Fresh off its upset of top-ranked Minnesota Duluth, Nebraska-Omaha will hope to keep the ball rolling this weekend when it visits WCHA rival Minnesota State. The purple Mavericks (7-16-1, 3-12-1 in the conference) sits at the foot of the WCHA in 12th place, but MSU is coming off of a key 3-0 home win over Wisconsin on Jan. 14.
To help us preview what may not be as straighforward a series for UNO (11-9-4, 8-5-3) as many red Mav fans might think, RFO has been speaking with Shane Frederick, MSU hockey beat writer for the Mankato Free Press.
Here, Frederick gives his thoughts on such topics as MSU’s struggles this season, conference realignment in western college hockey, and how he sees this weekend’s series at Mankato’s Verizon Wireless Center turning out.
Tied with Alaska-Anchorage for the bottom spot in the WCHA standings, MSU has struggled in places so far this year. What might you attribute that to?
Frederick: There are a couple of reasons. First of all, the purple Mavs have been bitten by the injury bug worse than any other season that I can remember. Chase Grant is out for the season, probably Danny Heath, too. Tyler Elbrecht, Max Gaede and Brett Stern missed significant time; JP Burkemper is now out for awhile. Secondly, I think they’ve struggled a bit on the back end, especially when Elbrecht was out. They had to replace three D who played a ton of minutes last year (Kurt Davis, Ben Youds, Channing Boe) and haven’t had the same consistency there as they did in recent years.
MSU goaltender Phil Cook had been hot and cold earlier this season, but, from all reports, he was the star of the show in the Mavericks’ 3-0 win over Wisconsin last Saturday. Is he going to be the key to MSU’s chances against UNO, or does MSU have other players that will likely have bigger roles in the series?
Frederick: Cook was really, really good on Saturday night. He made some amazing saves. Austin Lee has held the No. 1 goaltending job for the majority of the season, though, so I’ll be curious to see who gets the nod on Friday (I’m guessing Cook but don’t know if that’s been finalized yet). MSU will need others, though. Some seniors really stepped up their games last week and that will have to continue. But their top scorers, including freshmen Jean-Paul LaFontaine and Matt Leitner and sophomore Zach Lehrke, were held without a point. MSU can’t afford to have them go cold right now.
MSU has a reasonably favorable schedule until it meets Minnesota Duluth on Feb. 17. Do you feel as though the team’s performance over these next eight games, then, are crucial to the Mavericks if they want to climb up the WCHA ladder ahead of the league playoffs?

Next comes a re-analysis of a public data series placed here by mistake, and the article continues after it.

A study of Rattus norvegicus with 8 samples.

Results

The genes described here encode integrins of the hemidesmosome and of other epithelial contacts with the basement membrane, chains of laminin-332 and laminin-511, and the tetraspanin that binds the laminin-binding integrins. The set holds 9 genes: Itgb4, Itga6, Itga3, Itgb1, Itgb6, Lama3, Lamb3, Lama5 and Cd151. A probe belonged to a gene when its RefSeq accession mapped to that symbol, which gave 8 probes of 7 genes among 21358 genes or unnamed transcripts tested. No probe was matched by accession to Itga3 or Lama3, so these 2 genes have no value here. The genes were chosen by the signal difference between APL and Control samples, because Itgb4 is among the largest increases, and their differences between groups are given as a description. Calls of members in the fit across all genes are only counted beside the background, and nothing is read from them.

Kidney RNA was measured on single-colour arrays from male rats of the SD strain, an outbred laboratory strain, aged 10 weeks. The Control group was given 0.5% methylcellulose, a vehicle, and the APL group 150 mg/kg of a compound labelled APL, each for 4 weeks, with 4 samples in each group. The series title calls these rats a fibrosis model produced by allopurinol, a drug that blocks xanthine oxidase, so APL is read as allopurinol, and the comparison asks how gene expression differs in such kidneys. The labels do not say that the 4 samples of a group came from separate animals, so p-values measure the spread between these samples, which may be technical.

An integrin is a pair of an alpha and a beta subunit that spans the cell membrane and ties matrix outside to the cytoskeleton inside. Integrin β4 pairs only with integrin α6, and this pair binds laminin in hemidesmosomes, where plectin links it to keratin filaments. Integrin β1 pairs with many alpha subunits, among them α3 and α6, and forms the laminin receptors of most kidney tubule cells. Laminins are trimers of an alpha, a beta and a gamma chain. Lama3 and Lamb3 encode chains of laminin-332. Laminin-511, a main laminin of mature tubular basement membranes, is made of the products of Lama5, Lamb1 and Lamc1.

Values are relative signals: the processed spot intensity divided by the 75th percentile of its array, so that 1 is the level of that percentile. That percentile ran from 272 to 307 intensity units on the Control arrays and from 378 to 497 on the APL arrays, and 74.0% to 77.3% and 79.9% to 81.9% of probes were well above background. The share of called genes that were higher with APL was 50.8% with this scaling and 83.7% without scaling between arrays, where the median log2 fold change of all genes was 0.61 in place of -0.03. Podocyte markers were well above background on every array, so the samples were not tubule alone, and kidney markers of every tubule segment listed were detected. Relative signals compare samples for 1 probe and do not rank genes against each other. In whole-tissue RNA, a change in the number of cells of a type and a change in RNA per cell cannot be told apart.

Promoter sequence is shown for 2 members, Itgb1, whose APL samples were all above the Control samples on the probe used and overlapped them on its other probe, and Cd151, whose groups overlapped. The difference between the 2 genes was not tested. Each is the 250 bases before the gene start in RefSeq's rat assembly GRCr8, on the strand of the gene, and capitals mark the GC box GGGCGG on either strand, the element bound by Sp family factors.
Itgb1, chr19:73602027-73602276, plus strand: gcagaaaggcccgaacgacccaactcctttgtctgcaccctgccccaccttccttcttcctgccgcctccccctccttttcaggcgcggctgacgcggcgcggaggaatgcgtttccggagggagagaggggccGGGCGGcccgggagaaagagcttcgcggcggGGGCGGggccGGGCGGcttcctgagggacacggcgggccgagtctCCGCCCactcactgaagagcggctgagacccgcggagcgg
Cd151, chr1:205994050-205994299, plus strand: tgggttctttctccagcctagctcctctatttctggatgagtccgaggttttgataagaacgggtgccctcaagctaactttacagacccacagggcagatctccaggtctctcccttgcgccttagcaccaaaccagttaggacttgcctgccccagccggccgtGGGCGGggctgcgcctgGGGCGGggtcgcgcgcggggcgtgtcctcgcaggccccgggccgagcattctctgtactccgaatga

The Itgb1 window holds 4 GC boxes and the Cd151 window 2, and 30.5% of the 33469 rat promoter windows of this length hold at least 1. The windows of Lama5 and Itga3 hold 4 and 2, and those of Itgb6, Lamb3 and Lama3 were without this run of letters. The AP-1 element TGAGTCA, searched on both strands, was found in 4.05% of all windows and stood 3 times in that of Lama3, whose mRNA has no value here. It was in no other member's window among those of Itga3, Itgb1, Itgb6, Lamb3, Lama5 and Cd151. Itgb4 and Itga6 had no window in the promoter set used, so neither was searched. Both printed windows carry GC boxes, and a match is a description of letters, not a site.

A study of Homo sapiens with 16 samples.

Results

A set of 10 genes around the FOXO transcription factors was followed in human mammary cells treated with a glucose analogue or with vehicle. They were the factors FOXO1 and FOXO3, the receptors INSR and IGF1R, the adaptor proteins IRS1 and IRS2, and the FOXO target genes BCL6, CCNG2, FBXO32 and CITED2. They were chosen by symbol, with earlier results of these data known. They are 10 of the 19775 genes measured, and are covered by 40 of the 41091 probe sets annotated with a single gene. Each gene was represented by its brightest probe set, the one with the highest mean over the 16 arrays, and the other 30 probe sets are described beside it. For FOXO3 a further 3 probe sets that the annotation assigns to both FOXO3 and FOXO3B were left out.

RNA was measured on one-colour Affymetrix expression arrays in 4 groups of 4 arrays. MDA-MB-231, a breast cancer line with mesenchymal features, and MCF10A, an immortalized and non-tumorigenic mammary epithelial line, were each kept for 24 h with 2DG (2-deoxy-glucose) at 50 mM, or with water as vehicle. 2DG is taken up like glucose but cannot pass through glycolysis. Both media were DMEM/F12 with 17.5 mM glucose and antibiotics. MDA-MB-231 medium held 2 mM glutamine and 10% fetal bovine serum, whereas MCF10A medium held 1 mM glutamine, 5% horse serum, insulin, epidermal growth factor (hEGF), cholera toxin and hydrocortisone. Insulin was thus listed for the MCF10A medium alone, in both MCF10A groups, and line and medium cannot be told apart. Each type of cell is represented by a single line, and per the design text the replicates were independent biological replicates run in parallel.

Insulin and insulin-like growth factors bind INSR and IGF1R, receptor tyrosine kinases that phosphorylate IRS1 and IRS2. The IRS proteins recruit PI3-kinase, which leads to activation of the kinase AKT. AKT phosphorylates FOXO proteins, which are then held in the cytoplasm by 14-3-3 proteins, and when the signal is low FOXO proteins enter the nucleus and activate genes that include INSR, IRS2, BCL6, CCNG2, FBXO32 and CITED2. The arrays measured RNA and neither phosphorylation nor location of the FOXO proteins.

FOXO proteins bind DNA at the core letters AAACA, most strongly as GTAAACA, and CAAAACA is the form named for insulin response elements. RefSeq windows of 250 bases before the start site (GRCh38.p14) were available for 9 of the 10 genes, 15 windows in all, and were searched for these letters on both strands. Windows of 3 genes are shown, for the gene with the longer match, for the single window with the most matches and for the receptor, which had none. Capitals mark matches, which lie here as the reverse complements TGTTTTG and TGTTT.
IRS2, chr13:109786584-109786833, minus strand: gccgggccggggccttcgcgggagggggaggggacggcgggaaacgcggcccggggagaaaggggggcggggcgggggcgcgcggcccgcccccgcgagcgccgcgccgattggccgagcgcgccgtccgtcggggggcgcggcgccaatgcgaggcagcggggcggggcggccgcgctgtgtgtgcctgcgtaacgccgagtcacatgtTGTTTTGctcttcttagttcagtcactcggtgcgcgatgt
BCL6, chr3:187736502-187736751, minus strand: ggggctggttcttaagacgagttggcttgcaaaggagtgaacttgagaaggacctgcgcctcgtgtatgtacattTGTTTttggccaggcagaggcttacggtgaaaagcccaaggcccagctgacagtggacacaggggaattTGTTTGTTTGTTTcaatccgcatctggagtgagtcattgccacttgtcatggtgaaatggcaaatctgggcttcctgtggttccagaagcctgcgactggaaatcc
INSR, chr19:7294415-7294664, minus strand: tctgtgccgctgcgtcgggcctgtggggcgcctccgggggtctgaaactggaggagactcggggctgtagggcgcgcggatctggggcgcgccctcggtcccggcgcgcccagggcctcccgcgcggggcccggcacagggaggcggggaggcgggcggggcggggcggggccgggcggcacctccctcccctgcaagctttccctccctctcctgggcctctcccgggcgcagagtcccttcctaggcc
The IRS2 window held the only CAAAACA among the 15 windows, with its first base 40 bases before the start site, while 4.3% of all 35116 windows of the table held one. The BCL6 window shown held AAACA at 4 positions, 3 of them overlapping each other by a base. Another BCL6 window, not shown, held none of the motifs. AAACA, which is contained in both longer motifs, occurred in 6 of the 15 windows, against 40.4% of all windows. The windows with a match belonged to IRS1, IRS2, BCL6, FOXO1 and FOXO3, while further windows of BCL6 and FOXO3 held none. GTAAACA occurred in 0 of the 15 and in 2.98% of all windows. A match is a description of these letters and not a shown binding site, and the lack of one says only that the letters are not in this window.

Frederick: Without a doubt. I know some of this is lip service but several opposing coaches have noted that MSU is better than its record. I would agree with that, for the most part. Having home games with UNO, Tech and Duluth and going on the road to Bemidji and Anchorage, I would say that is a favorable schedule. I’d say they’re in a situation where home ice is probably lost but improving, getting some momentum and getting out of the cellar for a better playoff position are attainable goals.
We’ve asked all of our interviewees this question, so we’ll ask you, too: What do you make of the recent conference realignment in college hockey? What’s the general sense with regards to that in Mankato?
Frederick: Anyone who’s read my columns or my blog knows I’ve been pretty critical of the whole thing, especially the formation of the NCHC. My biggest question, really, has been: What was gained by its formation and kicking Minnesota State and others to the curb? That simply hasn’t been answered.
Even with the Big Ten teams leaving, I think the WCHA brand was strong enough in college hockey to try to make significant improves to it without breaking it apart. As for Mankato, I’d say there is a lot of bitterness, especially from fans. Most of that is directed at the schools that are leaving, although some feel like MSU could have done more to get into the new league (I disagree with that sentiment). It just goes to show that college hockey is no longer an insulated community that looks out for its own (that was probably a myth, anyway, but it sure had that reputation).
MSU and UNO play for a traveling trophy whose name seems to change depending on who you ask; I’ve heard it most commonly called the Spirit of the Mavericks Trophy, while many others call it the Maverick Cup. Whatever its name, are the trophy and the rivalry something people in the MSU camp spend much time focusing on?
Frederick: I think, officially, it’s called the Spirit of the Maverick Trophy. I’m not sure there has been a lot of focus on the trophy. It probably meant more when the teams were in different conferences because when it comes to league games, it’s all about taking points for the standings. The trophy is only gravy now, but perhaps they can keep the rivalry and the trophy series going when the WCHA breaks up (I am curious about who will get nonconference games come ’13-14).
Lastly, it’s prediction time. How do you see this weekend’s series turning out?
Frederick: Omaha took it to MSU pretty good last year in Nebraska and is coming off a big win against No. 1 Duluth, but despite the purple Mavs’ overall record, they are 4-4-0 in their last eight games. So, call me boring or at least not bold, but I’m going to predict a series split.